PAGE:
Same Soul, New Shell

One interesting magical gift of the Internet is that it takes you to places you never envisaged, revealing things that are, nevertheless, very powerful. John Lennon could not have stated it better: Life is what happens to you while you are busy making other plans.

While in some other plans to check my email recently, I saw an advertisement of a 2012 Volkswagen Beetle: Same Soul, New Shell. The line, and the car’s sleek look compared with the original shape and its recent modification got me chuckling about the notions of old and new, for some reflective questions about their essential relationship in terms of change. What is the popular image of change (old to new) vis-à-vis nature’s law about it? Thus, what salient lesson for deconstructive thinking about change can we learn from the law that matters are indestructible; namely, radically unchangeable in essence? When Albert Einstein pulled out his maxim that change is the only constant, what derivative thought is there embedded? In other words, what intrinsic relationship is there between change and constant?

I argue, in the light of these questions, that popular notion and image about change as a radical new departure from the essence of the old are subtle obstacles to freedom from oppression and exploitation. To be blunt, the syndrome is at the heart of oppressive, exploitative and dependent state! For as the victims internalize a notion of new in such dichotomous terms, the oppressor comes up with a bouquet of abracadabra called new and improved to dazzle them into subservient abuse. This is my signature alert message for the oppressed.

Thus, in spirituality, the organized monotheistic religions become, in the hand of the oppressor, an abracadabra new and improved way for the oppressed to reflect about the divine. In education, imperial cultural conversion becomes, in the hand of the oppressor, a new tool to get the oppressed to think and engage with nature about daily living. And while for the victims, the so-called new spirituality and education are not radically new in essence in relation to their so-called old ways, an internalized image of them as different throws them off a path of ownership. As an exotic, unknowable image of some new shell to the natural essence of what they had owned fills them, their progress is thwarted. They are on a journey that I capture as an incomplete metamorphosis syndrome: leaving a so-called old form to pursue a so-called new one that is unattainable – because it is a hoax.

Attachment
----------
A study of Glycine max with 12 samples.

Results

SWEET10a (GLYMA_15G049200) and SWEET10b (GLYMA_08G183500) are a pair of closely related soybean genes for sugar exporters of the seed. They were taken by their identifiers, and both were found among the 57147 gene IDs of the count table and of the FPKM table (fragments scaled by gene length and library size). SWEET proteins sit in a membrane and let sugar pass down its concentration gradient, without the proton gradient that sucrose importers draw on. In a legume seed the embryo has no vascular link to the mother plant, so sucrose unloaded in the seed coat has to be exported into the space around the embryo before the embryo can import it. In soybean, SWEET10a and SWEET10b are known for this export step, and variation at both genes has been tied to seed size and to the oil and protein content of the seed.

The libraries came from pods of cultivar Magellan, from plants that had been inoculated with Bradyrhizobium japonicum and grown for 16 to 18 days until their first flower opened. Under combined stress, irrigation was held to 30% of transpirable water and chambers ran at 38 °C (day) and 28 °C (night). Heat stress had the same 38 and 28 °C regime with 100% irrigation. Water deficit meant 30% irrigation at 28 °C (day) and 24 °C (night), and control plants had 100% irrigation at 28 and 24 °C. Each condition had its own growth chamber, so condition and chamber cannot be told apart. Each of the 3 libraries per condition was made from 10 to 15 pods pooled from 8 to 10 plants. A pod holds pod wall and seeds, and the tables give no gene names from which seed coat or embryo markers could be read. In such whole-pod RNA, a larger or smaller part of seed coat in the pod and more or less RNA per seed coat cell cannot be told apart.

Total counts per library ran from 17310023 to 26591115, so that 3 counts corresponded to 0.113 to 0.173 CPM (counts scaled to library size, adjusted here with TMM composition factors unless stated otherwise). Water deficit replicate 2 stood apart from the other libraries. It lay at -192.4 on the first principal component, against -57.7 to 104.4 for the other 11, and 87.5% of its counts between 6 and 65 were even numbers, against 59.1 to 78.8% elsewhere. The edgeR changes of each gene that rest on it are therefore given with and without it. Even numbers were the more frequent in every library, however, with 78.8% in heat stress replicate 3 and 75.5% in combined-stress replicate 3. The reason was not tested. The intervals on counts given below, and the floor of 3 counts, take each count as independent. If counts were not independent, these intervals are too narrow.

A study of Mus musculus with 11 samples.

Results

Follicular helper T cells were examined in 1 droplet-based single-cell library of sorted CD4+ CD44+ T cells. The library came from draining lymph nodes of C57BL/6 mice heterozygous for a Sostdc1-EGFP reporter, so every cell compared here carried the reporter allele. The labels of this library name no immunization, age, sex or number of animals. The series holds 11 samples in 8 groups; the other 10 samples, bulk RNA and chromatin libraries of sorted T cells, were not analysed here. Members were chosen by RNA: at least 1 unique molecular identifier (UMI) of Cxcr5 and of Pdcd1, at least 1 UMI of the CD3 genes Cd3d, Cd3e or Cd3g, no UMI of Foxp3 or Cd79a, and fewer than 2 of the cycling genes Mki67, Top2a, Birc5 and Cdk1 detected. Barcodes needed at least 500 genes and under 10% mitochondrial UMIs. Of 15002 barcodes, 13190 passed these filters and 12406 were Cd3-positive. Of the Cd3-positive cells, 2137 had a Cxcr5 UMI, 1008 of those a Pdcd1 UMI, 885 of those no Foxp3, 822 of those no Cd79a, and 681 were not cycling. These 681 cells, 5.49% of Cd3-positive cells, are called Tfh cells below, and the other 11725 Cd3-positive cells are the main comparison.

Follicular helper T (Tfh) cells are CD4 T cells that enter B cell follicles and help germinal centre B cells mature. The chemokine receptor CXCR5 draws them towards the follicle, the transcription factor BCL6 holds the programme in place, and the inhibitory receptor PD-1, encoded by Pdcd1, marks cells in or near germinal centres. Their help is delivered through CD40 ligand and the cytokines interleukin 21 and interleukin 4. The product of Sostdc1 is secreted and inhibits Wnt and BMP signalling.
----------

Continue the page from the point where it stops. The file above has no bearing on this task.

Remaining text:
A re-orientation about the relationship between old and new is an emancipating commonsensical and intellectual exercise on the issue of change. I argue that the essence of change is a refocus and restoring about the deep, ontological relationship between old and new in terms of nature’s constant as a template for living. At the Western Institute for Social Research (WISR), Berkeley, social change which is its mission and focus, is for me, about refocusing. In other words, the theme in its name, research (re-search: search again) speaks to refocusing on the constant in nature’s principle for doing things in our communities; viz: in politics, spirituality, the economy, development, education, marriage, the employment world and workplace, healthcare, and so forth. In all these, my theory is that nature, as the teacher, has a constant essential template that needs a good focusing and re-focusing on – in the face of the deviation we are cornered into by the manipulative forces of systemic abracadabra.

Collaborative thinking/action – also a WISR element – is a helpful tool in this re-orientation that authentic change is about valuing the intrinsic, functional interconnectedness and continuum in things. It is difficult to watch the masquerade dance from one spot – goes one of my favourite Nigerian wisdom proverbs. The systemic abracadabra of new and improved is a big confounding masquerade! Collaborate to know it. One of the seminars currently lined up at the institute: Clinically Applied Anthropology: Healing with Narrative in Medicine strikes me a typical WISR session on interconnectedness and interdisciplinary learning, namely, on nature’s integral principle about health and wellness. I wish I could be there to partake of the learning experience. Authentic learning about nature’s principles: same soul – un-deviated by new shell!